Standing up for Canberra

Threats to Critical Infrastructure

The Australian Cyber Security Centre 2017 threat report noted that CERT Australia responded to 734 incidents affecting private-sector systems of national critical infrastructure within the 2016-17 financial year. This equates to a significant cyber incident occurring on these networks more than twice a day. In October 2017, the US-CERT released a report that stated:

Since at least May 2017, threat actors have targeted government entities and the energy, water, aviation, nuclear, and critical manufacturing sectors, and, in some cases, have leveraged their capabilities to compromise victims' networks.

According to the Australian Security Intelligence Organisation 2017 annual report, Australia continues to be a target of espionage through cyber means. The cyber threat is persistent, it's sophisticated and it is not limited by geography. The report also notes that the clandestine acquisition of intellectual property, science and technology and commercially sensitive information is increasing. This highlights the need for a greater focus on the security of the cyber systems underpinning our critical infrastructure.

If we are to effectively safeguard our critical infrastructure, we need to think about more than the issue of who owns what and the issue of physical assets such as ports, poles and wires. We need to think beyond just the protection of critical infrastructure from a physical perspective and we need to start thinking about the protection of critical infrastructure from a cyber security perspective. As more and more essential services are managed electronically, interdependence between the physical systems and cyber networks needs to be clearly understood to ensure services continue to be provided and our national interest continues to be protected. We also need to broaden our thinking on what is classified as critical infrastructure.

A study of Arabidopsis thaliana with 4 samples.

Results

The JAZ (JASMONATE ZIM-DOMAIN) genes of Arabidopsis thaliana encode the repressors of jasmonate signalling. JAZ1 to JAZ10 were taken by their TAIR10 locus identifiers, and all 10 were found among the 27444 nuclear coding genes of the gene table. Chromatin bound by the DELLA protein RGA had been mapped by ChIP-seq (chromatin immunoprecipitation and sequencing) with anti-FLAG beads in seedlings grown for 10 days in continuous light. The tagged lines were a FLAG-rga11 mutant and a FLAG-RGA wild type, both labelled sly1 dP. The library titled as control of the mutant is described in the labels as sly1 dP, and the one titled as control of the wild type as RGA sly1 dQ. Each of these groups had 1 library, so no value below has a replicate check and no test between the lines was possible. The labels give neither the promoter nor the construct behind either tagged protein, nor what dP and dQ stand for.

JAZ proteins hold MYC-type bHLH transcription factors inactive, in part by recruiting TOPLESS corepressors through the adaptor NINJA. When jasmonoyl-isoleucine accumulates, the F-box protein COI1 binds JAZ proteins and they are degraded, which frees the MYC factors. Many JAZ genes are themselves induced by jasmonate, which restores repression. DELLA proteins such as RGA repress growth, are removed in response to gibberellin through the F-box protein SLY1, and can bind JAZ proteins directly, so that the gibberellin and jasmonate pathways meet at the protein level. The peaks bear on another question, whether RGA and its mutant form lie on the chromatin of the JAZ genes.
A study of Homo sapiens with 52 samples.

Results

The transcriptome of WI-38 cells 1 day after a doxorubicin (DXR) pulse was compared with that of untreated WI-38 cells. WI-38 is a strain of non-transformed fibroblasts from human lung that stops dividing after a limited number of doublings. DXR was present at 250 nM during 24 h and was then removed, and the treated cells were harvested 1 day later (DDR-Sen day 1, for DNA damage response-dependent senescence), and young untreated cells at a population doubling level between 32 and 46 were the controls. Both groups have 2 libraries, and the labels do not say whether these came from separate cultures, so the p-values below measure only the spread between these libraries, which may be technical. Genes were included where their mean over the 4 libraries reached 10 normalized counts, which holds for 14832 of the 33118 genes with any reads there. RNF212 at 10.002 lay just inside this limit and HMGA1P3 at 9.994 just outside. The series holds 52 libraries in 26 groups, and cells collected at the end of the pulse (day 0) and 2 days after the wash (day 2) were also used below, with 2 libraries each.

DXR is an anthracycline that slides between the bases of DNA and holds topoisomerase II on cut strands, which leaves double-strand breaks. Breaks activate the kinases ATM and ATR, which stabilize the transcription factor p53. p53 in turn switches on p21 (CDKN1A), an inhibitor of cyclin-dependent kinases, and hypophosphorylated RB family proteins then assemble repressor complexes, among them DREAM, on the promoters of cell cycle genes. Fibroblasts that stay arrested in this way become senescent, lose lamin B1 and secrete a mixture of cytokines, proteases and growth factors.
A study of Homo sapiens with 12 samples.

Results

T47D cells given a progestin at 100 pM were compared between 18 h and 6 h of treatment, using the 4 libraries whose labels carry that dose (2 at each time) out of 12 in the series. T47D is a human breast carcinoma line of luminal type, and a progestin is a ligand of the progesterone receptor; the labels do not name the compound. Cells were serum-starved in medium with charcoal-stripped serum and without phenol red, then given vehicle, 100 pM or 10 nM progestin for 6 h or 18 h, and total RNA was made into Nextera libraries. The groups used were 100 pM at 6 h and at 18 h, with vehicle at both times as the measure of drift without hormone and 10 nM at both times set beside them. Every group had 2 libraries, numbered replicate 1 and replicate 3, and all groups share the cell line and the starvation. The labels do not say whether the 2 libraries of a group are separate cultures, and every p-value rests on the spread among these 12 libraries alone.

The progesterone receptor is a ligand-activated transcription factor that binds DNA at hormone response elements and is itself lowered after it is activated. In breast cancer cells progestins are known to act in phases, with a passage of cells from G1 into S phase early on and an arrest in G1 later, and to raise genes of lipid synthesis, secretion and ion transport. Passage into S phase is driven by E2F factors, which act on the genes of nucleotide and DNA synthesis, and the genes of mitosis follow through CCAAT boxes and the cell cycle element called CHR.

Australia’s Trusted Information Sharing Network, the primary national mechanism for business-to-government information sharing and resilience-building initiatives on critical infrastructure, describes critical infrastructure as the physical facilities, supply chains, information technologies and communication networks which, if destroyed, degraded or rendered unavailable for an extended period, would significantly impact on the social or economic wellbeing of the nation or affect Australia's ability to conduct national defence and ensure national security. It states that each of these critical infrastructure sectors are vital to Australia's social cohesion, economic prosperity and public safety.

Why did the government's recent Security of Critical Infrastructure Act 2018 only address four sectors as being at the highest risk? We actually have eight critical infrastructure sectors in this country. These are the sectors that have been deemed as vital to Australia's social cohesion, economic prosperity and public safety. We have eight, so why did the act only include four in it? Four sectors that are deemed as highest risk? I'll read out our eight. They are banking and finance, communication, energy, food and grocery, health, transport, water services and Commonwealth Government. Each of these identified critical infrastructure sectors have experienced some form of cyber threat in the past 12 month.

It is great that we have eight, unfortunately, all eight weren't included in the governments critical infrastructure act—but, compared to other nations, we are very, very underdone, that eight is a conservative number. The United States critical infrastructure security and resilience strategy identifies 16 sectors, the United Kingdom identifies 13 sectors, Canada identifies 10 sectors and Singapore identifies 11 sectors. The sectors that are recognised by these nations include emergency services, information technology, infrastructure, chemicals, manufacturing and electoral systems. At the very least, electoral systems in Australia should be treated as critical infrastructure, particularly given what we've seen in the US and France.

We have got to start taking this seriously. We have got to start taking our critical infrastructure seriously. It's not enough only to protect the physical safety of our critical infrastructure; or partially list those services and facilities that are vital to our cohesion, economic prosperity or public safety; or ignore international cyber security standards; or to pretend that threats end where the supply chain starts. There is so much more to do in this space. I just wish the government were listening.